Studies Designed to Degrade Pseudomonas' Protective Coat

by Neal L. Schiller, Ph.D.

Spring 1995

Editor's note: Despite receiving an excellent score in the highly competitive NIH funding process, Dr. Schiller's grant proposal (entitled "Characterization of AlgL and its Role in Alginate Synthesis in Pseudomonas aeruginosa") fell short of a funding award. CFRI awarded Dr. Schiller a grant so that he could continue his vital examination of Pseudomonas aeruginosa. The colonization of this bacteria in the lungs and our inability to control it results in severe pulmonary degeneration and death in many patients with CF. Dr. Neal Schiller is the chairman of the Graduate Program in Microbiology and the Associate Dean of the Graduate Division at the University of California at Riverside.

Pulmonary infections with the bacterium Pseudomonas aeruginosa remain intractable to antibiotic treatment, making these infections one of the most serious concerns of the cystic fibrosis patient. While recent investigations on the Cystic Fibrosis Transmembrane Conductance Regulator (CFTR) provide hope for the potential of gene therapy for CF, these strategies are unlikely to be effective in controlling or eradicating P. aeruginosa once established in the lung. My colleagues and I, as well as other investigators, have determined that the persistence of these bacteria in the face of antibiotic treatment and pulmonary defenses is attributable to the bacteria's ability to produce a protective exopolysaccharide coat, called alginate. Besides protecting the bacteria it surrounds, this high-molecular-weight polymer of mannuronic and guluronic acids is extremely viscous and is a contributing component of the thick mucous secretions that clog the patients' airways. Our approach to resolving these problems is to design strategies that either block alginate synthesis, degrade alginate off the surface of these bacteria, or degrade the free alginate in the lung. Funds provided by CFRI will be used to a) purify and characterize an enzyme that can degrade the alginate coat, and b) further characterize the bacterial genes involved in alginate synthesis in P. aeruginosa.

Several years ago, my colleagues and I were the first to clone and sequence the P. aeruginosa gene which encodes the protein alginate lyase, an enzyme that depolymerizes the alginate polymer. During these studies we made an important observation. The alginate lyase gene (called algL) is located on the bacterial chromosome within a cluster of genes involved in alginate biosynthesis. Moreover, all of the genes in this cluster appear to be co-regulated, that is, when the first one of these genes is turned on, they all are. This raised the rather paradoxical question: why would these bacteria arrange their genes in such a way that a degradative enzyme would be activated at the same time as the biosynthetic ones?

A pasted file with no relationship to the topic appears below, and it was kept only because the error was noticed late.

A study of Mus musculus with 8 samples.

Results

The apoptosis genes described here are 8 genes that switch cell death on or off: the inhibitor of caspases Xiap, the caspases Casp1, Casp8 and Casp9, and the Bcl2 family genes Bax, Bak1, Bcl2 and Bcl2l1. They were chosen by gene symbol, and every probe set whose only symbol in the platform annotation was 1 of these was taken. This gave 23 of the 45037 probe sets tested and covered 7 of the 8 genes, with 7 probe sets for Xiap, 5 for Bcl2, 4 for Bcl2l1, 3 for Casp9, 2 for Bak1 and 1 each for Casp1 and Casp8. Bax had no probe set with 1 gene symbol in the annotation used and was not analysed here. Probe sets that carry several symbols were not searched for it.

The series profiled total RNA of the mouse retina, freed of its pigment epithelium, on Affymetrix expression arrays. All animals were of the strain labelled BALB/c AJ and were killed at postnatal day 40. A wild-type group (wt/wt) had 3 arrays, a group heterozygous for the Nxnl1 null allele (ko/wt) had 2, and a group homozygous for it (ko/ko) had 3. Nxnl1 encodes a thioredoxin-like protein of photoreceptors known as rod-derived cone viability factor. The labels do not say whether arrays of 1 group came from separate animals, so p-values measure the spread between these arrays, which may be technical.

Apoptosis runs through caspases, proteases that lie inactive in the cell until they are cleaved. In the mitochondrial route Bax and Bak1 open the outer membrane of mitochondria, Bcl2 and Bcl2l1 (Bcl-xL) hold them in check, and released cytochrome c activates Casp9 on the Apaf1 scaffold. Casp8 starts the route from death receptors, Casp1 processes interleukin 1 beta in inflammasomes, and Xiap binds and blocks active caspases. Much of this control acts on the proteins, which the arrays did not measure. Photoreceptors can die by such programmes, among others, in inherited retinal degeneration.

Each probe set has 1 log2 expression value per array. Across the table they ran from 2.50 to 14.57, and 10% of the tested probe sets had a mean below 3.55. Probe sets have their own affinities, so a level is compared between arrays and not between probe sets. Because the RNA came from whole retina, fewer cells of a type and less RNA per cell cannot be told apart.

Our recent studies suggest that this arrangement is not accidental. It is our current working hypothesis that alginate lyase is actually required for alginate production, although exactly how this occurs remains speculative. The purification and characterization of the alginate lyase enzyme should answer this question. While many of the enzymes involved in alginate biosynthesis have been identified, several key components, including the polymerase and transport proteins, remain elusive. One of our goals is to determine all of the genes and enzymes needed for alginate synthesis. In so doing, we might discover novel ways to block the production of alginate by these bacteria. Alternately, by further studying and characterizing the enzyme alginate lyase, we hope to someday be able to use this enzyme to degrade the alginate layer off of these bacteria and depolymerize the alginate polymer in the CF patient's lungs. We recognize the difficulties with this therapeutic concept and the potential danger of initiating a harmful inflammatory response by introducing a foreign protein into a patient's lungs. Nevertheless, if we could devise a strategy whereby these bacteria and the lung secretions could be rendered alginate-free, then antibiotics and the patient's own pulmonary clearance mechanisms would be more effective against these microorganisms. Our hope is that a clearer understanding of the genes and enzymes involved in alginate production will stimulate novel ideas that can lead to the successful treatment and eradication of these bacteria.